Asking for client references from shortlisted roofing contractors is a must for homeowners seeking to hire the most reliable and reputable professional in the industry. These client references are usually verbal in nature although many contractors can also provide written references from their past clients.
Regardless of the form, homeowners such as you must always check the client references provided by the contractors. Checking means carefully perusing the written references, calling the clients provided in the reference list, and then determining the reliability of the references. Keep in mind that the clients will have different opinions about the contractors so you must weigh the positive with the negative reviews before making your decision.
For example, if Client A asserts that the roofing contractor provides on-time delivery of the agreed services but may be remiss on customer service, you must decide whether you can accept both aspects. Your needs and wants in the contractor will obviously be different than other homeowners and compromises on certain aspects of the roofing services may be necessary.
To make it easier on yourself in regards to checking client references, here are a few red flags to look out for:
– Does the reference look or sound too good to be true? A client may sound too effusive instead of the typical “Yes, the roofing contractor is reliable in that he delivered on time and within budget.” You should know by now that if it sounds too good to be true, then it probably is. Perhaps, the client has vested interests such as a good friend or a business partner of the contractor. Objectivity is important here.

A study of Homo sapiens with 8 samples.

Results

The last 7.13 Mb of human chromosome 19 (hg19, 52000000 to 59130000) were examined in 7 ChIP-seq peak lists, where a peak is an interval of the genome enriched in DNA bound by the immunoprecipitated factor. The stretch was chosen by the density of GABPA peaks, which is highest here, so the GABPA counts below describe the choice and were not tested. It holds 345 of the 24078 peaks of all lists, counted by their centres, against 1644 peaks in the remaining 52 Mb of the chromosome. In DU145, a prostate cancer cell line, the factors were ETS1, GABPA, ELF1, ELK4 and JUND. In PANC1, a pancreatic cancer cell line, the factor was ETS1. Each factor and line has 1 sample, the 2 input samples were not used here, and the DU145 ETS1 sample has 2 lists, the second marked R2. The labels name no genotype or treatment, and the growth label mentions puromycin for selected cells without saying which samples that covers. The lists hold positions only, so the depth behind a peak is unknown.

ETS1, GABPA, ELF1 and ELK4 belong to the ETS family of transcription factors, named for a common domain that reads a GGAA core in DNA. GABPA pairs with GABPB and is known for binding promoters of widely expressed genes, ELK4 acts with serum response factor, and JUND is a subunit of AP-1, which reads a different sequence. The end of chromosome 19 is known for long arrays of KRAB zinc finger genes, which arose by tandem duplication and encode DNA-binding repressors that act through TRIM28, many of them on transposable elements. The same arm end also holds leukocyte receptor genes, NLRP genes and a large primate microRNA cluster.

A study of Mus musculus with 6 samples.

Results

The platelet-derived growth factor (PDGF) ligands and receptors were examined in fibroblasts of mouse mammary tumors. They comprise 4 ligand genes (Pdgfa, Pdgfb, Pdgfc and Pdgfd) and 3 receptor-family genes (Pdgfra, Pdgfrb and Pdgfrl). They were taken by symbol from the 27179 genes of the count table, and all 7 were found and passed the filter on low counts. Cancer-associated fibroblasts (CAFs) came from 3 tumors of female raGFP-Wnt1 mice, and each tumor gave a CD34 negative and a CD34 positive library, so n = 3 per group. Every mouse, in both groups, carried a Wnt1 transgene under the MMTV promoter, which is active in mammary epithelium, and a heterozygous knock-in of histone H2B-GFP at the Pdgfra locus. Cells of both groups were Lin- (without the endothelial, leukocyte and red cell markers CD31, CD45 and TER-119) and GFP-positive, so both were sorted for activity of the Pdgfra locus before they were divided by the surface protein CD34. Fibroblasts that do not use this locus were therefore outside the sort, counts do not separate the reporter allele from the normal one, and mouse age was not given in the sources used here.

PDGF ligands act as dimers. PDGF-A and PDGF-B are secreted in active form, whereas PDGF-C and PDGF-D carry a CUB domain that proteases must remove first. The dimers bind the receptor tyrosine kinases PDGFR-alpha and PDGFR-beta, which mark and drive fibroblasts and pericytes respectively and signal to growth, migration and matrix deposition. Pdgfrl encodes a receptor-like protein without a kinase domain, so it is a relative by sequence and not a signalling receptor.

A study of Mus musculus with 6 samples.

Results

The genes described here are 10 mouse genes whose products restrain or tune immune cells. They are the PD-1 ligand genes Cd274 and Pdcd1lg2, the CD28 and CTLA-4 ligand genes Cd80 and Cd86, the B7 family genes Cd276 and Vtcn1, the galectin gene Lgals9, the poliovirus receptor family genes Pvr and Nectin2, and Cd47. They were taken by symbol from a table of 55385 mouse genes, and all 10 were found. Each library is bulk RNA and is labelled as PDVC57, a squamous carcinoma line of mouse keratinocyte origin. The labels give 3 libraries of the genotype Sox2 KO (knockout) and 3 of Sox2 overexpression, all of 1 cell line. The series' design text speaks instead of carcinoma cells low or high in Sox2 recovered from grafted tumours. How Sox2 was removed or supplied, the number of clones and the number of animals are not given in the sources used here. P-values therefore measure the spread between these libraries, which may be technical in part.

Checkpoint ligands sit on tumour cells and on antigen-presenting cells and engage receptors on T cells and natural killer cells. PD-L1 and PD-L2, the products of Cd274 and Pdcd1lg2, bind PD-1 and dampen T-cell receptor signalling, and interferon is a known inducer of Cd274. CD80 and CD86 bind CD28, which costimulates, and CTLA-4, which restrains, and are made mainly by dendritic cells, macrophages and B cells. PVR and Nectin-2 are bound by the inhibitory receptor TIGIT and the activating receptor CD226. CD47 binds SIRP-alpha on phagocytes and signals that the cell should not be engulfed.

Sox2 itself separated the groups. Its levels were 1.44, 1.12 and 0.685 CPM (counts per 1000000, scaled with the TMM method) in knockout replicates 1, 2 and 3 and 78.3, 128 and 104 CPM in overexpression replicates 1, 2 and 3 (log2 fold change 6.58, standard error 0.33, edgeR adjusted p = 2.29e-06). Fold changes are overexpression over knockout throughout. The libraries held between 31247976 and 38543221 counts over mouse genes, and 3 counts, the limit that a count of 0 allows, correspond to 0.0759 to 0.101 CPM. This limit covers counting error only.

– Does the client answer your questions in a forthright manner? You should call the client on the reference list with a short set of questions regarding the contractor’s customer service, work timetable, materials used, and quality of work, among others. These questions should be open-ended so that the client can tell his experience hiring the contractor in his own words; close-ended questions tend to be disadvantageous because there are gray areas in, say, customer service and service delivery. When the client seems to be evasive, you should be concerned since he may have negative experiences with the contractor but for any number of reasons, he refuses to badmouth said professional.
The bottom line: Follow your gut instinct but dig deeper when you come across interesting opinions from the roofing contractor’s clients. Doing so will be to your advantage.